22 September 2022 - Governments have not yet agreed on a long term climate target for international aviation and none of the three emissions reduction scenarios due to be discussed at an upcoming meeting are anywhere near Paris Agreement compatible, according to the Climate Action Tracker’s latest analysis of the sector.
The International Civil Aviation Organization (ICAO) will hold its 41st session from 27 September, and is expected to discuss three scenarios developed by its Committee on Aviation Environmental Protection (CAEP). Without strong action, emissions from international aviation will double or even triple between 2019 and 2050 and reach 1100 to 1850 MtCO2 by 2050.
A 1.5°C Paris Agreement compatible emissions level for the international aviation industry would be a reduction of 90% by 2050 below the 2019 levels (70Mt), coupled with deep cuts to non-CO2 emissions, but the three scenarios would reduce emissions by 70% at best. The least ambitious of the scenarios even allows emissions to increase by 50% (200–950Mt). At best, this would be rated “Highly insufficient,” at worse, “Critically insufficient” consistent with at least 3 degrees of warming, if not 4 degrees.
The other key industry body, the International Air Transport Association (IATA), has committed to net zero carbon from aviation by 2050, the target depends on offsetting for about 20% of reductions and doesn’t address non-CO2 emissions. CAT would rate this target as “Highly insufficient”.
"It is disappointing to see that even after more than 20 years of being charged to reduce greenhouse gas emissions, the aviation industry has difficulty taking the required steps” said Silke Mooldijk, the author of the analysis, from the Climate Action Tracker partner organisation NewClimate Institute.
“There seems no real will in the aviation sector to reduce their own emissions to anything like zero, despite the Paris Agreement being clear that all sectors need to do so.”
The CAT analysis finds that most international or national efforts to address aviation emissions rely on carbon offsets, raising concerns about lack of permanence and additionality. There is very limited focus on reducing demand from flying, or reducing actual emissions other than using offsets.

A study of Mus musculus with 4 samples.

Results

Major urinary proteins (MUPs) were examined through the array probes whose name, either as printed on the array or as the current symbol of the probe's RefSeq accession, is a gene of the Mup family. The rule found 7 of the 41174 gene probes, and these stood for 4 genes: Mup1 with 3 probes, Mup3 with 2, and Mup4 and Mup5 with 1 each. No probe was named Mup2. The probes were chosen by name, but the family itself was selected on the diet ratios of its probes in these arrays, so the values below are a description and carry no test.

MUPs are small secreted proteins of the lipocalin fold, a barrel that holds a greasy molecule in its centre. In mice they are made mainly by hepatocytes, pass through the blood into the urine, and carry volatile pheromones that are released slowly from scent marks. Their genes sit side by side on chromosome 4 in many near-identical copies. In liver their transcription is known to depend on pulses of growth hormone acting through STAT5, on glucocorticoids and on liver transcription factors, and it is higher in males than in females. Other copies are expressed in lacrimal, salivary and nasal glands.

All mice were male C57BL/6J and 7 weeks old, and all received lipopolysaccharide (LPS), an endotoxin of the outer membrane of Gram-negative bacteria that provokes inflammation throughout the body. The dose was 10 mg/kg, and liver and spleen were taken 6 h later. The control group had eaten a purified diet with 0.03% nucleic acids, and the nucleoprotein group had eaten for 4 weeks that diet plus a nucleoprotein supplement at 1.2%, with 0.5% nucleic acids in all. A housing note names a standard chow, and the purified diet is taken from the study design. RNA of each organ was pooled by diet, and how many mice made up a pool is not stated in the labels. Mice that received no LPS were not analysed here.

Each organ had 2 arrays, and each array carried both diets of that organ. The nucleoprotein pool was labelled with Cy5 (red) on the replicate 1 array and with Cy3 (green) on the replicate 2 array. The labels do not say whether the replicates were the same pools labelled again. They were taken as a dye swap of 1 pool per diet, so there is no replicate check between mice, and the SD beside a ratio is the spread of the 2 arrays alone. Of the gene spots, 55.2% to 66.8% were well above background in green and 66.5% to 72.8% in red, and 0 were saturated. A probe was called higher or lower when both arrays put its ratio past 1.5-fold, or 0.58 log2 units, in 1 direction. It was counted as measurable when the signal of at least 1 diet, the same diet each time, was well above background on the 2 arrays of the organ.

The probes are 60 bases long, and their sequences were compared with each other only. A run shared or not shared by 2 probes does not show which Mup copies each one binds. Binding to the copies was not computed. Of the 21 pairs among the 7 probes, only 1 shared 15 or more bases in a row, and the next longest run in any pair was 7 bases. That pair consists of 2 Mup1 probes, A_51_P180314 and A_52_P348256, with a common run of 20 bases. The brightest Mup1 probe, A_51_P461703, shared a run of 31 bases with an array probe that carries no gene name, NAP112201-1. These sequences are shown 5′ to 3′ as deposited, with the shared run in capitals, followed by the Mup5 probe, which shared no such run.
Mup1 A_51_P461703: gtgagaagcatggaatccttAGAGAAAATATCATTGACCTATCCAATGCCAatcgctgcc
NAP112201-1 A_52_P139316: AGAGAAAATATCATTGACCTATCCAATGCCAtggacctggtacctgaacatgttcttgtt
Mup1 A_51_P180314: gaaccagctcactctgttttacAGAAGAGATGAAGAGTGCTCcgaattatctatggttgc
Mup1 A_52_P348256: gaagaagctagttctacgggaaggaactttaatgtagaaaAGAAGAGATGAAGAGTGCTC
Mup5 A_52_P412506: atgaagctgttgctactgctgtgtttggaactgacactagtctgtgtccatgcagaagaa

In 2018, just 1% of the global population was responsible for 50% of CO2 emissions from air travel.
The four biggest international aviation emitters are the European Union, the United States, China and the United Kingdom, together responsible for a quarter of CO2 emissions from international aviation. The CAT analysis examines the policies from these four, and finds flaws in all of them. China has no policies at all to address international aviation. (See country action section of analysis)
The UK, for example, has a “Jet Zero” policy that, despite its name, would not bring emissions to zero, and covers outgoing flights only. The UK’s policy plans for an increase in demand of 70% by 2050, which would increase emissions by almost 40% between 2019 and 2050. Its strategy relies almost entirely on offsetting schemes and carbon capture technologies that are not yet mature.
“The limited global potential for capturing and storing CO2 should be used to bring global emissions to net zero, rather than to facilitate a stark increase in aviation sector emissions in one of the world’s wealthiest countries,” said Sarah Heck, from Climate Analytics, the other CAT partner organisation.
The analysis also found that although non-CO2 emissions and impacts account for an estimated two thirds of aviation’s net radiative forcing impact, ICAO, IATA and national governments have no or very limited strategies to address either the NOx emissions, or the effect on climate from cirrus contrails.